CAIRO: Former Arab League Secretary-General and likely parliamentary candidate Amr Moussa issued a statement Sunday warning Egypt might be forced to defend itself against the escalating situation in Libya.
“News of new sectarian fiefs in Libya is a negative development that puts the whole region’s stability at risk,” he said
Moussa said the Libyan situation puts Egypt’s national security under direct threat, and called for an open discussion to raise and gauge public opinion in the event Egypt must intervene militarily.
“I call on Libyans to stop targeting Egyptians and to instead protect them and facilitate their return to Egypt,” Moussa said.
Libya has been facing violent and sectarian unrest since a 2011 revolution—assisted by NATO air support—overthrew former longtime Libyan leader Muammar Gadhafi.
AFP Saturday reported eyewitness testimony from Greeks fleeing the country, and described the situation in Libya as a “civil war.”
“Chaos reigns. There is no government, we have no food, no fuel, no water and no electricity for hours on end,” Araskevi Athineou, a Greek woman living in Libya, told AFP.
Egypt, like many other countries, has been watching the situation in Libya and evacuating its nationals as the situation there grows increasingly dangerous.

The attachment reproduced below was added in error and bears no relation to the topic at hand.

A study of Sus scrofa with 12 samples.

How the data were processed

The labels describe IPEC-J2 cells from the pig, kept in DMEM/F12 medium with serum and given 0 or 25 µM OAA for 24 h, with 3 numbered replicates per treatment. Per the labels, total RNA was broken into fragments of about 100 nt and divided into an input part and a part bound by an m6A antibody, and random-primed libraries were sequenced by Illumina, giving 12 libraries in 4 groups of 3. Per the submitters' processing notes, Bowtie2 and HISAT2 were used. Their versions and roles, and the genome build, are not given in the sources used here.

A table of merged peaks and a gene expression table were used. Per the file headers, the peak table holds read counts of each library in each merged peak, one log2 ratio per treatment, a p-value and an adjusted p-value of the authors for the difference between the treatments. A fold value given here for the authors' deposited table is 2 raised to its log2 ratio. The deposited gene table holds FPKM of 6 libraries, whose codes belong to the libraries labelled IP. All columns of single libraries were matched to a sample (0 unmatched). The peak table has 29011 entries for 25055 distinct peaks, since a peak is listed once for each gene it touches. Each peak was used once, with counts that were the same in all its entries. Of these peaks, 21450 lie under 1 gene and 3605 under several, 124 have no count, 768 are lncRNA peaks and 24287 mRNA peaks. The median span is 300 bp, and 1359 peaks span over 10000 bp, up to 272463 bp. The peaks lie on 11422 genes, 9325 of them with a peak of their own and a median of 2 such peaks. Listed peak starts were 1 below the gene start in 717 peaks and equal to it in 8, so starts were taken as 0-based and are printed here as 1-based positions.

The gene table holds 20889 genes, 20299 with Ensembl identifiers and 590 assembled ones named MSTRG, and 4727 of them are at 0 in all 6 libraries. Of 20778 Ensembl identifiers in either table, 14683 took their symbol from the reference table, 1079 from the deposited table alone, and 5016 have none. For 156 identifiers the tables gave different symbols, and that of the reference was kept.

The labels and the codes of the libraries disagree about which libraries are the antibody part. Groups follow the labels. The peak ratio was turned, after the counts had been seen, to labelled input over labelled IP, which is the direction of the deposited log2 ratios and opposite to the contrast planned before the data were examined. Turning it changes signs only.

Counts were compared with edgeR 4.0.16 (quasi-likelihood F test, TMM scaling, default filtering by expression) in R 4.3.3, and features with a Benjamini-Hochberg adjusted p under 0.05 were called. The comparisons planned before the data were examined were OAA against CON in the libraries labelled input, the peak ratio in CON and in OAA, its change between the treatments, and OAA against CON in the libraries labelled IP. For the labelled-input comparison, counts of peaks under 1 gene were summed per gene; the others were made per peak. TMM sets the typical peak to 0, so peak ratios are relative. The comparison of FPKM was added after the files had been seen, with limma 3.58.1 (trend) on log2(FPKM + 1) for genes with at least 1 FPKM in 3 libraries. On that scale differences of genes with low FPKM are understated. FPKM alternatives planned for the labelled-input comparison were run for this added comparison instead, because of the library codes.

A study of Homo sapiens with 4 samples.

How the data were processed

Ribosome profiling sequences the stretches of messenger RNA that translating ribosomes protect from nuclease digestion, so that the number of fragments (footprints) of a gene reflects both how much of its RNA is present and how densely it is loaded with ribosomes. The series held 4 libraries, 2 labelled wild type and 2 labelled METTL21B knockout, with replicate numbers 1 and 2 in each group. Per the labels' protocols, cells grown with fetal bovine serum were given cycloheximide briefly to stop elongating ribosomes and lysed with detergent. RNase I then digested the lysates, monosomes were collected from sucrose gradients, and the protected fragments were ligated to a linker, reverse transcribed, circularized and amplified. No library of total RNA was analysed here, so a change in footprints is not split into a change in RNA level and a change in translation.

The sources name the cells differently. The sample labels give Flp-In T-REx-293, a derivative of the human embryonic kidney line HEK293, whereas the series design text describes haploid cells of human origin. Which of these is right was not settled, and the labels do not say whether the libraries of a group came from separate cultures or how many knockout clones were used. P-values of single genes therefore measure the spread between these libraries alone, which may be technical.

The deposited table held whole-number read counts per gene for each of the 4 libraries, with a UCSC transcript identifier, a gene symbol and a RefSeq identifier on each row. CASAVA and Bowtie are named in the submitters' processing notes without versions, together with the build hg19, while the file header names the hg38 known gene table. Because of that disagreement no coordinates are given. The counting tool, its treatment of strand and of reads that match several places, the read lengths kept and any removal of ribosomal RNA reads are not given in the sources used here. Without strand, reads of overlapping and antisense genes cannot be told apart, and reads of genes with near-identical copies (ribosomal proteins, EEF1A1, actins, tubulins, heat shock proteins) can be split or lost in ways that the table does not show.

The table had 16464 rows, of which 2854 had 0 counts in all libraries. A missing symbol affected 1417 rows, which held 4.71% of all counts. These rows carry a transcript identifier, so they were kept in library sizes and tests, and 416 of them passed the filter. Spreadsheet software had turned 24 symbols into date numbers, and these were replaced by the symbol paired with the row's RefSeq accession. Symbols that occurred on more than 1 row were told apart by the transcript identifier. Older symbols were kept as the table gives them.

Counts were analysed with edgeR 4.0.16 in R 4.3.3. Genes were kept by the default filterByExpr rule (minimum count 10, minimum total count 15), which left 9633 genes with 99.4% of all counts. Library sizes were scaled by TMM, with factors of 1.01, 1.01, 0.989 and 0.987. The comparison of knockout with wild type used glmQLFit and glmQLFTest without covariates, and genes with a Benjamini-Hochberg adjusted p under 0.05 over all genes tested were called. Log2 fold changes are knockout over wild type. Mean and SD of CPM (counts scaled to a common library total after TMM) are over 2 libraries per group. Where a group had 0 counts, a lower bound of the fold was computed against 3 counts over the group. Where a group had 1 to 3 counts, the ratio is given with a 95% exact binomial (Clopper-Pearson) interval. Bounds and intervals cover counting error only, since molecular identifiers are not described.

Prime Minister Ibrahim Mahlab said in statements Saturday that the government is “doing the best it can to ensure the rapid return of Egyptians from Libya,” and said it will not make them pay airline fees to return, Youm7 reported.
Tunisia has agreed to accept Egyptian refugees fleeing Libya, and Egypt is sponsoring flights between Egypt and Tunisia.
Former Egyptian Deputy Defense Minister Maj. Gen. Nabil Foad, in comments to The Cairo Post Sunday, described the situation in Libya as a “swamp” that no country wants to get involved in.
However, he also said that despite Moussa’s comments, chaos in Libya presents only an “indirect threat” to Egypt.
“It is the same as what happens in Gaza, but we cannot interfere or take any military action in it as it enjoys its own sovereignty,” Foad said. “Libya is an Arab county, and it’s not logical to take any military actions against it.”
“The internal situation in Libya and our borders with it need permanent observation, and for now, our forces are present, ready and watching,” he added.